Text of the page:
Swiss Chard

wozupi classes


  • Swiss Chard Rinsed and chopped
  • Garlic 3+ cloves depending on your preference
  • Olive oil 3 tbls
  • Parmesan cheese ( preferably freshly grated)
  • Sesame Seeds raw or toasted in the oven or in a hot pan without oil
  • Salt and pepper to taste
  • Optional fresh chopped ginger, sesame oil and a touch of Braggs, soy sauce or tamari ( skip the cheese if you go this route)


Swiss chard is a leafy green related to beets. We planted rainbow chard this year so that you would get colorfully extra nutritious bunches. The more colors in your diet the better because each color contains different vitamins and minerals. You DO NOT WANT TO EAT RAW. As adult plants the leaves sometimes cause an irritation in the mouth when eaten raw. This is a green that can easily be snuck into meals to make them a little more nutritious. Chop up really small and add to a pasta sauce to trick the kids, steam and add to a quiche or stir fry. You can even add it to lasagna instead of spinach or put it on your pizza. I rarely use recipes these days so I do a lot of improvising in the kitchen. You can use swiss chard in the place of spinach, kale, collards etc. I really like the crispy-juicy stem of swiss chard and never like to over cook it. This is an improvised recipe that I love because it is simple, fast and tasty.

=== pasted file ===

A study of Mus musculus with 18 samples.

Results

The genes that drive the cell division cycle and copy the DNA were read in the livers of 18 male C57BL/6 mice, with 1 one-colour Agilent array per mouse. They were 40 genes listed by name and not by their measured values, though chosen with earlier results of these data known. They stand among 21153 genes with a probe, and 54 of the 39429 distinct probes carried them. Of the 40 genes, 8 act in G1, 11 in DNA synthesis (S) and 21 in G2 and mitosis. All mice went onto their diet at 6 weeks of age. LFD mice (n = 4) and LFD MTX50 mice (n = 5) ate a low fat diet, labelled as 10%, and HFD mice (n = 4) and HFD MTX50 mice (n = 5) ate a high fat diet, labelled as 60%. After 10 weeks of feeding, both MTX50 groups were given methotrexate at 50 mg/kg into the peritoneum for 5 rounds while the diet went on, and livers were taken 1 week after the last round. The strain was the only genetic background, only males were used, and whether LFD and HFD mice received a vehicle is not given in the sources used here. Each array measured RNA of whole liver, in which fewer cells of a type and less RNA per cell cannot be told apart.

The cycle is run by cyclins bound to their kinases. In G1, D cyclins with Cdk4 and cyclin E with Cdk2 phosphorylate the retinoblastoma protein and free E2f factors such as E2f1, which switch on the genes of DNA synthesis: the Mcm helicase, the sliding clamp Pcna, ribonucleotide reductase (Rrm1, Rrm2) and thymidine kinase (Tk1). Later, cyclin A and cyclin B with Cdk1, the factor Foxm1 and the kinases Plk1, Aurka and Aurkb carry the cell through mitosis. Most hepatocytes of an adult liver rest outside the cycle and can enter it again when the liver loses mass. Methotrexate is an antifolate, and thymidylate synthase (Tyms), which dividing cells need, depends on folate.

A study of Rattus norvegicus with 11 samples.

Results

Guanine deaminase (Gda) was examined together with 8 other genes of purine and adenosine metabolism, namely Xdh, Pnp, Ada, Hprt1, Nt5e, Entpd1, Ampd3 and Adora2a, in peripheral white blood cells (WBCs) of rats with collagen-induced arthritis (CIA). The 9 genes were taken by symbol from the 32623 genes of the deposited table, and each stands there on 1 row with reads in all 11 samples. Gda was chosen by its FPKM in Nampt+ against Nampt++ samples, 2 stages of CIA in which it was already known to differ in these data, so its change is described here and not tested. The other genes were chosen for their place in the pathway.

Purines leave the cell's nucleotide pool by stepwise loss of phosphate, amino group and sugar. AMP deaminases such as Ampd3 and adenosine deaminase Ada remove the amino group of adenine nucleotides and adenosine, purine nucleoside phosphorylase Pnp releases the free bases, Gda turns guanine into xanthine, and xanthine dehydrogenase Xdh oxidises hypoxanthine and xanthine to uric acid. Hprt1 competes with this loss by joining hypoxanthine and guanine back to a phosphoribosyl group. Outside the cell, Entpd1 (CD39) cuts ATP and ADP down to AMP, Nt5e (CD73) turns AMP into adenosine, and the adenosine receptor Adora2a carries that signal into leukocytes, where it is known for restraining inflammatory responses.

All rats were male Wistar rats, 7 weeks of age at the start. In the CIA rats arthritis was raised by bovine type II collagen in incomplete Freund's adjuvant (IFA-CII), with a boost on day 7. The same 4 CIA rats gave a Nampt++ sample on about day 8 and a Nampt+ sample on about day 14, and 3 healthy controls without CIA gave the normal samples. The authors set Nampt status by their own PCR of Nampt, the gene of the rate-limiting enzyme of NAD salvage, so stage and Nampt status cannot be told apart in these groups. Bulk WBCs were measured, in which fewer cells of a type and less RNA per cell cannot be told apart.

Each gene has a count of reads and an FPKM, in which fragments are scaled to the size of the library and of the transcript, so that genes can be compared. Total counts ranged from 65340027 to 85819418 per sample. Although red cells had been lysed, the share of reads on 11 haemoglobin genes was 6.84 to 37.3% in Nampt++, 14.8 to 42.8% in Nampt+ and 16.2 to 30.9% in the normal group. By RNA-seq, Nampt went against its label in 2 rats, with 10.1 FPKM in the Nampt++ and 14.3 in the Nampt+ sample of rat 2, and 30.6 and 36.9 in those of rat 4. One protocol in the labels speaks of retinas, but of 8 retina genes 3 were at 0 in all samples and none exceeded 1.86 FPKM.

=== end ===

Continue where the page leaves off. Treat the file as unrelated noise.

Heat up olive oil in a frying pan. Be careful not to burn the oil as it takes on carcinogenic properties when burned. Throw in your chopped garlic and cook for a few minutes. Toss in the swiss chard and cook for 5 or so minutes. The shorter you cook it, the more nutrients you retain. You do not want the leaves to be chewy but you want the stalk to retain its crunch. Turn stove off and add sesame seeds, salt and pepper and then grate fresh parmesan cheese on each serving at the table.

If you went the Asian cheese-less route, add chopped ginger with the garlic and toss the mixture once cooked with a little roasted sesame oil and soy sauce to taste.